Peterborough Cathedral is known for its imposing Early English Gothic West Front (façade) which, with its three enormous arches, is without architectural precedent and with no direct successor. The appearance is slightly asymmetrical, as one of the two towers that rise from behind the façade was never completed (the tower on the right as one faces the building), but this is only visible from a distance.
The original church, known as "Medeshamstede", was founded in the reign of the Anglo-Saxon King Peada of the Middle Angles in about 655 AD, as one of the first centres of Christianity in central England. The monastic settlement with which the church was associated lasted at least until 870, when it was supposedly destroyed by Vikings. In an alcove of the New Building, an extension of the eastern end, lies an ancient stone carving: the Hedda Stone. This medieval carving of 12 monks, six on each side, commemorates the destruction of the Monastery and the death of the Abbot and Monks when the area was sacked by the Vikings in 864. The Hedda Stone was likely carved sometime after the raid, when the monastery slipped into decline.
In the mid 10th century monastic revival (in which churches at Ely and Ramsey were also refounded) a Benedictine Abbey was created and endowed in 966, principally by Athelwold, Bishop of Winchester, from what remained of the earlier church, with "a basilica there furbished with suitable structures of halls, and enriched with surrounding lands" and more extensive buildings which saw the aisle built out to the west with a second tower added. The original central tower was, however, retained. It was dedicated to St Peter and surrounded by a palisade, called a burgh, hence the town surrounding the abbey was eventually named Peter-burgh. The community was further revived in 972 by Dunstan, Archbishop of Canterbury.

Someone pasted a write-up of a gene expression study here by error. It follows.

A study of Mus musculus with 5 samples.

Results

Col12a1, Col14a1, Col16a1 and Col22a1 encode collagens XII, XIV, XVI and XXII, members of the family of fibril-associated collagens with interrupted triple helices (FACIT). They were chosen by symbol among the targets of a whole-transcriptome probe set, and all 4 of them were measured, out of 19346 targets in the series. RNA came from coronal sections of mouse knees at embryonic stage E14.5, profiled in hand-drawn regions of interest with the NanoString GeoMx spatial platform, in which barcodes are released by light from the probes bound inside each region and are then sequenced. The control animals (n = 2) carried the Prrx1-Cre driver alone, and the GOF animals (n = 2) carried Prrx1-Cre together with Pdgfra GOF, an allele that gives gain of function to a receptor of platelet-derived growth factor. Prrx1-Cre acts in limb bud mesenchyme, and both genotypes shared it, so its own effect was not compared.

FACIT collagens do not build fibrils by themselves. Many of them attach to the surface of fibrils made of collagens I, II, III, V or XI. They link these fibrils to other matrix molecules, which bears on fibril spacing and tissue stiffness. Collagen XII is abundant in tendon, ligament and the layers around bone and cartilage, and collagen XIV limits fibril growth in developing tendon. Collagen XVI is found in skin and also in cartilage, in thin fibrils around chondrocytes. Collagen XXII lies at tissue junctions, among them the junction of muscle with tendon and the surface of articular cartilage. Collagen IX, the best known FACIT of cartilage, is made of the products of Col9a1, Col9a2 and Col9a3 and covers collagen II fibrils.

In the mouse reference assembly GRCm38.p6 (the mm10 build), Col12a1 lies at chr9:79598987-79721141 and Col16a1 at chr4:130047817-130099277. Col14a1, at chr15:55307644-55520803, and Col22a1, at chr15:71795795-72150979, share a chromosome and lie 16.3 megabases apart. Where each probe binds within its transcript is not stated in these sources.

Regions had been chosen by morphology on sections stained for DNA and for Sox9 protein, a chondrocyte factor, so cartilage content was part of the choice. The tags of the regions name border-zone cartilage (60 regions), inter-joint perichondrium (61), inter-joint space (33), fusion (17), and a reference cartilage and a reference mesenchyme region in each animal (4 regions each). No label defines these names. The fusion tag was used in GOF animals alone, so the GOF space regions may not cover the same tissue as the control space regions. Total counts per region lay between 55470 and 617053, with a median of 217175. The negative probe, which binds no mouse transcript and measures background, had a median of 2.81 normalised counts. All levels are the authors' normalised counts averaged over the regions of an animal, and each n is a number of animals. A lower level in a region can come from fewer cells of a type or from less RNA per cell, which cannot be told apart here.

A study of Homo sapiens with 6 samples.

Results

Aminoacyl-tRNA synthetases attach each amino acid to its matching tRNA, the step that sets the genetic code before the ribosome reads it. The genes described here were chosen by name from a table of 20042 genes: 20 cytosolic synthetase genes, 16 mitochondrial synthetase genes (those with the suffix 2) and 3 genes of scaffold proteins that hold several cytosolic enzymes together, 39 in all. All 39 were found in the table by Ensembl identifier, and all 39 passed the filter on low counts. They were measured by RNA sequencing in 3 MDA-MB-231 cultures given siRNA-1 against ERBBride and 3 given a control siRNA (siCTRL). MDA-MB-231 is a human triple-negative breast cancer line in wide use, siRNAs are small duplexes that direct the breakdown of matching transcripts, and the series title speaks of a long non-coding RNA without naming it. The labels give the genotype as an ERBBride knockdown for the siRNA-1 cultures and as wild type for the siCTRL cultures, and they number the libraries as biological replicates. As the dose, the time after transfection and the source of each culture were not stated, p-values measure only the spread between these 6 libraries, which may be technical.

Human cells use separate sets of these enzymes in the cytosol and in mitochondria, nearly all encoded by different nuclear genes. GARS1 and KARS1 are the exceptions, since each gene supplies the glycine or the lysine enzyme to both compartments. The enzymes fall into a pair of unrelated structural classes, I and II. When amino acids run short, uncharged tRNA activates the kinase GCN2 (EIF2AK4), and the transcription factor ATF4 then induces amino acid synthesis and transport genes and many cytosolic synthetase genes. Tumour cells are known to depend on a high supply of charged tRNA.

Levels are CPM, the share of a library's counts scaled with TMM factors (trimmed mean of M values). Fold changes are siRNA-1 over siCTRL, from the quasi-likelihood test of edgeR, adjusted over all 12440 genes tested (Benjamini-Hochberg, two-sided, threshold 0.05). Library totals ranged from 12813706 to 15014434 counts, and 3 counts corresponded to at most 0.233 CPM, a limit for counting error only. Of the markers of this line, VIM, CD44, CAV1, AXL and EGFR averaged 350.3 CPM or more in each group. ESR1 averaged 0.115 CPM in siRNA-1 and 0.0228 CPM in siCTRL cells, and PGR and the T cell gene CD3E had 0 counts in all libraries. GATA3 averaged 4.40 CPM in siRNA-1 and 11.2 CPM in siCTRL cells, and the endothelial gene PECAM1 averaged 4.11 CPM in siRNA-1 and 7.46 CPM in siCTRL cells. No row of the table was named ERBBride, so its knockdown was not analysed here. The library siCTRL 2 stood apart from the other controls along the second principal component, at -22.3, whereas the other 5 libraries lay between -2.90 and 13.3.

This newer church had as its major focal point a substantial western tower with a "Rhenish helm" and was largely constructed of ashlars. Only a small section of the foundations of the Anglo-Saxon church remain beneath the south transept but there are several significant artefacts, including Anglo-Saxon carvings such as the Hedda Stone, from the earlier building.
In 2008, Anglo-Saxon grave markers were reported to have been found by workmen repairing a wall in the cathedral precincts. The grave markers are said to date to the 11th century, and probably belonged to "townsfolk".